July 15, 2009
Despite the new controversy over whether a global CIA "hit team" ever went operational, there has been public evidence for years that the Bush administration approved "rules of engagement" that permitted executions and targeted killings of suspected insurgents in Iraq and Afghanistan.
In effect, President George W. Bush transformed elite units of the U.S. military "" including Special Forces and highly trained sniper teams "" into "death squads" with a license to kill unarmed targets on suspicion that they might be a threat to American occupying forces.
In the recent public debate over whether Bush also authorized the CIA to assemble teams of assassins to roam the world hunting al-Qaeda suspects, the U.S. news media has cited the distinction between such face-to-face executions and the CIA's use of remote-controlled Predator drones firing missiles to kill groups of suspected insurgents in or near the war zones.
This reality surfaced in 2007 with the attempted prosecutions of several U.S. soldiers whose defense attorneys cited "rules of engagement" that permitted killing suspected insurgents.
One case involved Army sniper Jorge G. Sandoval Jr., who was acquitted by a U.S. military court in Baghdad on Sept. 28, 2007, in the murders of two unarmed Iraqi men "" one on April 27, 2007, and the other on May 11, 2007 "" because the jury accepted defense arguments that the killings were within the approved rules. (Sandoval was convicted of lesser charges relating to planting evidence on a victim to obscure the facts of the homicide.)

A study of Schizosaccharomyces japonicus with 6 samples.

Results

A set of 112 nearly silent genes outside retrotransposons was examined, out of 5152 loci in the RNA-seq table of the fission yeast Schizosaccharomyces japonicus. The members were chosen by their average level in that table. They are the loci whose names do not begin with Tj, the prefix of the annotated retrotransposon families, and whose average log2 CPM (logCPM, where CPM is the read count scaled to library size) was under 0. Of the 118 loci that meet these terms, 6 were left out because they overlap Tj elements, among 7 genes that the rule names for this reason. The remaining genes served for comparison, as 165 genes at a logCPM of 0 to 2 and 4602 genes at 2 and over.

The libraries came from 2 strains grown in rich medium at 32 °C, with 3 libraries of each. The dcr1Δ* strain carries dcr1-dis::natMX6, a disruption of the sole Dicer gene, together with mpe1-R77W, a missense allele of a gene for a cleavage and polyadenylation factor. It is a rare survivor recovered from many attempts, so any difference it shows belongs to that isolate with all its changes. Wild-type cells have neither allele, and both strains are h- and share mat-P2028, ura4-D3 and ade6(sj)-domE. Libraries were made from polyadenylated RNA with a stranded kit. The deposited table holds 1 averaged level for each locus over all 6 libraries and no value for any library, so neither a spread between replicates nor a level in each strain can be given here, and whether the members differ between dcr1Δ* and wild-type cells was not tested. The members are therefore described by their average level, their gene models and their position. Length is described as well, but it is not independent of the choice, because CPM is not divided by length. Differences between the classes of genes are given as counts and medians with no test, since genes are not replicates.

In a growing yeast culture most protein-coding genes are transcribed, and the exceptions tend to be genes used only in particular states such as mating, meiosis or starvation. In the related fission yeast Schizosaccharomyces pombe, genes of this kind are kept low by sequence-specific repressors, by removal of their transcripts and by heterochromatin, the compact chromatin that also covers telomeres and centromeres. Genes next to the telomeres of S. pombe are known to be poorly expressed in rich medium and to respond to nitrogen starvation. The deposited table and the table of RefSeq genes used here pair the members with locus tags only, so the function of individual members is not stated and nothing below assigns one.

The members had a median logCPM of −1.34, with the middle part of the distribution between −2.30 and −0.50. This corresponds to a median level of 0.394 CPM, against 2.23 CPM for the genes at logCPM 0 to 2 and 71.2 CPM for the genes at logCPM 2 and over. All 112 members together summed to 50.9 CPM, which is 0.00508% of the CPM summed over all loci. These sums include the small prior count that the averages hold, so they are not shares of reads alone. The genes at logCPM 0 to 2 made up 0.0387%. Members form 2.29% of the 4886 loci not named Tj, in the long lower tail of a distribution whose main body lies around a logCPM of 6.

Another case of authorized murder of an insurgent suspect surfaced at a military court hearing at Fort Bragg, North Carolina, in mid-September 2007. Two U.S. Special Forces soldiers took part in the execution of an Afghani who was suspected of leading an insurgent group.
Though the Afghani, identified as Nawab Buntangyar, responded to questions and offered no resistance when encountered on Oct. 13, 2006, he was shot dead by Master Sgt. Troy Anderson on orders from his superior officer, Capt. Dave Staffel.
According to evidence at the Fort Bragg proceedings, an earlier Army investigation had cleared the two soldiers because they had been operating under "rules of engagement" that empowered them to kill individuals who had been designated "enemy combatants," even if the targets were unarmed and presented no visible threat.
The troubling picture was that the U.S. chain of command, presumably up to President Bush, authorized loose "rules of engagement" that allowed targeted killings "" as well as other objectionable tactics including arbitrary arrests and indefinite detentions, "enhanced interrogations" otherwise known as torture, kidnappings in third countries with "extraordinary renditions" to countries that torture, secret CIA prisons, and "reeducation camps" for younger detainees.
Some Republicans have said Democrats proved that they don't have the toughness to defend U.S. national security by raising questions about the hit team, while pro-Democratic pundits note that the Bush administration apparently demonstrated its incompetence by failing to get the assassination program off the ground. In other words, the debate is centered on peripheral issues, not on the substance of extrajudicial murders.
Similarly, Attorney General Eric Holder is said to be leaning toward appointing a special prosecutor to investigate some CIA personnel for torturing detainees, but only if they went beyond the parameters of torture that had been spelled out by Bush administration lawyers. In other words, senior government officials who sanctioned limited waterboarding and other torture techniques would not be held to account, only overzealous interrogators who went even further.